Yesterday, in my post on Capitalism, Creativity and Fundamentalism, I commented on the tendency to become manifestly more like the enemies we defeat:
'Truth be told, I believe that hard line tactics tend to be paradoxically 'cynical' and 'naive,' often leaving the victor more like the defeated enemy rather than the other way around. The parallel I would draw here is to arguing with a patient over an interpretation. When we win, we lose.'
Today's NY Times offers an account of the wrongful imprisonment of Donald Vance, a contractor from Chicago who worked in Iraq. Vance, who is a 29-year-old Navy Veteran, was held by US authorities for three months after a raid on the company where he worked. One of the more nightmarish aspects of this story is that the raid was triggered by a tip to the FBI from Vance. He had recently gone to work for a local Iraqi security contractor and had noticed a number of suspicious activities that he believed U.S. authorities should know about.
The military did not reach Vance's FBI contact until three-weeks after he was picked up during the raid. After Vance's account checked out with his FBI contact, the U.S. continued to hold him for two more months because he was under suspicion for having associated with the bad characters he had turned in to authorities.
Vance, who was subjected to abuses designed to break down detainee' resistance to interrogators complained that he asked for an attorney but was not given legal counsel during his imprisonment without trial or charges. A pentagon spokesperson, Lt Lea Ann Fracasso, said that Mr. Vance had been 'treated fair and humanely' and that there was no record that he complained about his treatment.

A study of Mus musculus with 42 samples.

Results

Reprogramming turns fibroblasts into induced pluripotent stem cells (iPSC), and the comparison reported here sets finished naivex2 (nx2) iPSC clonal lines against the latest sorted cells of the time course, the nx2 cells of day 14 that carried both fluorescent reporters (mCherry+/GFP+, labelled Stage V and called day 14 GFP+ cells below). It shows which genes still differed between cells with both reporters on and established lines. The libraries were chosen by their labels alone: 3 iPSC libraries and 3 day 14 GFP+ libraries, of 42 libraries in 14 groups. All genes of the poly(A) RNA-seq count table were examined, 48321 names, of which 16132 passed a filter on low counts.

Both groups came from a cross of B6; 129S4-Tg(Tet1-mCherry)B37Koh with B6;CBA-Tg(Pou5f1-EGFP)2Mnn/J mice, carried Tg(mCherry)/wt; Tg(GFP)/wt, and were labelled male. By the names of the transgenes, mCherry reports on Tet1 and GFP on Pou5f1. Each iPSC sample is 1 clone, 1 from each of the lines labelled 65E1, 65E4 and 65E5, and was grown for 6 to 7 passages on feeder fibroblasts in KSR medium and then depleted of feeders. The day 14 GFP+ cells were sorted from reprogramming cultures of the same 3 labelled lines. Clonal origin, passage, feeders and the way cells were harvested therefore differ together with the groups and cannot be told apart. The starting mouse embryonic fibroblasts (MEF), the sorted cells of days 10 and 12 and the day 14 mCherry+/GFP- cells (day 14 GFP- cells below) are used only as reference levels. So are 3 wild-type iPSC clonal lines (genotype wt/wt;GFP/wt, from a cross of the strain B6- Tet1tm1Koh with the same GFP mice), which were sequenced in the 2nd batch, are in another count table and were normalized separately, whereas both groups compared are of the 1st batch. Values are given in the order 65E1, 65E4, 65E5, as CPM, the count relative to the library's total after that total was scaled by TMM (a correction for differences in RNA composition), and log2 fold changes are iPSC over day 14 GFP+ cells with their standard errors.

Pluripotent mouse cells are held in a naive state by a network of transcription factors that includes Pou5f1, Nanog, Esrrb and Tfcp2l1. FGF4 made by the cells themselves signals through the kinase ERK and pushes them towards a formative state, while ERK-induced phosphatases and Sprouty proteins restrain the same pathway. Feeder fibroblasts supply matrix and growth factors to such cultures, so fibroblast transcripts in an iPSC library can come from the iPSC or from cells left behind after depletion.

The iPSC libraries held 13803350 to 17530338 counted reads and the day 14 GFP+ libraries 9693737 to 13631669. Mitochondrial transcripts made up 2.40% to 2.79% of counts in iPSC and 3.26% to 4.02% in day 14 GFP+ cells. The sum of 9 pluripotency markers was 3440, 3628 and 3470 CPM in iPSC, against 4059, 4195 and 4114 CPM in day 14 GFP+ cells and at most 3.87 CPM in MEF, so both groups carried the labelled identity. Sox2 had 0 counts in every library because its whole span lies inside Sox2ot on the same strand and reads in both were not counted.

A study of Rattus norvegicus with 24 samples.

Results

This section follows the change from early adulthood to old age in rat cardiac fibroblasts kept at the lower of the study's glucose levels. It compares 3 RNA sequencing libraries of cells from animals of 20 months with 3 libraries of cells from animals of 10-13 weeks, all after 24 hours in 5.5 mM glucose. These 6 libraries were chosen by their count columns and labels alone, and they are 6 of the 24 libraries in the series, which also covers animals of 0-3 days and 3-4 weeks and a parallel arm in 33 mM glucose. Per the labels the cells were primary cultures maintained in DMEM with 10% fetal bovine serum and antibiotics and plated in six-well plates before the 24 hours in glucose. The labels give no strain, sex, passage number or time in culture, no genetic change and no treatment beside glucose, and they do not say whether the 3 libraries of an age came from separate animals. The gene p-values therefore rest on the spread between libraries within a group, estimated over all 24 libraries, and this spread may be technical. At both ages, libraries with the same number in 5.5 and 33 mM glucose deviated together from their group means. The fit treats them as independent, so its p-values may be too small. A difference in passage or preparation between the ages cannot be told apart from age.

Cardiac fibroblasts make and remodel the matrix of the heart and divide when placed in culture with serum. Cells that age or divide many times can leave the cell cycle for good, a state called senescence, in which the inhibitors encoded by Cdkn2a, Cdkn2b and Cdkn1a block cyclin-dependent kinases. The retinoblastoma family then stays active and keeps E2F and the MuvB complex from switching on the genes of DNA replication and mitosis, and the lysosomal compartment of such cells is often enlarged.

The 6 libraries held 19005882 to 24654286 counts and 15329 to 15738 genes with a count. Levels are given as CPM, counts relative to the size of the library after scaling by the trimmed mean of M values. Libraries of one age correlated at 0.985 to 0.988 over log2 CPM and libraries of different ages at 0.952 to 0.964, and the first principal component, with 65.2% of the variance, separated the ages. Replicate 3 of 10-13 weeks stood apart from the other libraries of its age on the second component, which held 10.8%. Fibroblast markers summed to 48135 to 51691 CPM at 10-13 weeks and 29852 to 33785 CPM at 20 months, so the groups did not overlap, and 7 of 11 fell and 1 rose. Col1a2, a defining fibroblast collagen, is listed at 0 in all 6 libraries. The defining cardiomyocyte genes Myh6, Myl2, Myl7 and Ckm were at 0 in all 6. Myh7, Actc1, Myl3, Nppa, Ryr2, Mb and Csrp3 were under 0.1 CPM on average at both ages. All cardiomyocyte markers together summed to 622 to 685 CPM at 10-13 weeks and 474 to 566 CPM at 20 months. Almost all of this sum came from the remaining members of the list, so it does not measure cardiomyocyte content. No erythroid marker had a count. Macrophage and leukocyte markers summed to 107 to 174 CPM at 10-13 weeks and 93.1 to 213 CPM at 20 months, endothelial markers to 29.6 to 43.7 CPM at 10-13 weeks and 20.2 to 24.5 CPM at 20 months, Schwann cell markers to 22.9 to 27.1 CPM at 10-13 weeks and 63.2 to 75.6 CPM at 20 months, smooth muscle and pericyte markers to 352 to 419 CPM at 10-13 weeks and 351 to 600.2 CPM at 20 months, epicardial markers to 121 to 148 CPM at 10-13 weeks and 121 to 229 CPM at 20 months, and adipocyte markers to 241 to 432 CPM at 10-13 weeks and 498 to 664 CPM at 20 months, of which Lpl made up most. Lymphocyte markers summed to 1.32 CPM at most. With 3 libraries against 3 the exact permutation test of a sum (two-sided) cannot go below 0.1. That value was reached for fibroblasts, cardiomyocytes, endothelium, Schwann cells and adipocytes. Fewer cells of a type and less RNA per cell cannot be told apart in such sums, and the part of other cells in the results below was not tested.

To put this in more polite terms than I am inclined to use here, I find that sort of official response to be disgraceful. To suggest that Mr. Vance was treated humanely because the captors who were abusing him have no record of his complaint serves to underscore my contention that the victors become more like those they defeat.
In my post yesterday, I also called economic liberals in the Republican party to task for their unprincipled alliance with Christian fundamentalists:
'I believe that one of the great failures of Republicans who understand the destructive (and deconstructive) side of creative activity has been their politically expedient silence on homegrown Christian fundamentalism. It seems that many Republicans who reject fundamentalism and tribalism have decided that the political enemy of my enemy is my friend, without thoroughly considering that the friend of political convenience is saying the same thing about them.
When the enemy of my enemy is my friend, should it come as any surprise that some people are confused about the differences between their enemies and their friends? Under such a circumstance, we should not be surprised that some people even begin to act very much like their enemies.
The Times reports that Mr. Vance is back in Chicago. Of his current situation, Mr. Vance says "It's really hard. I don't talk about this stuff with my family. I feel ashamed, depressed, still have nightmares, and I'd say I suffer from some paranoia."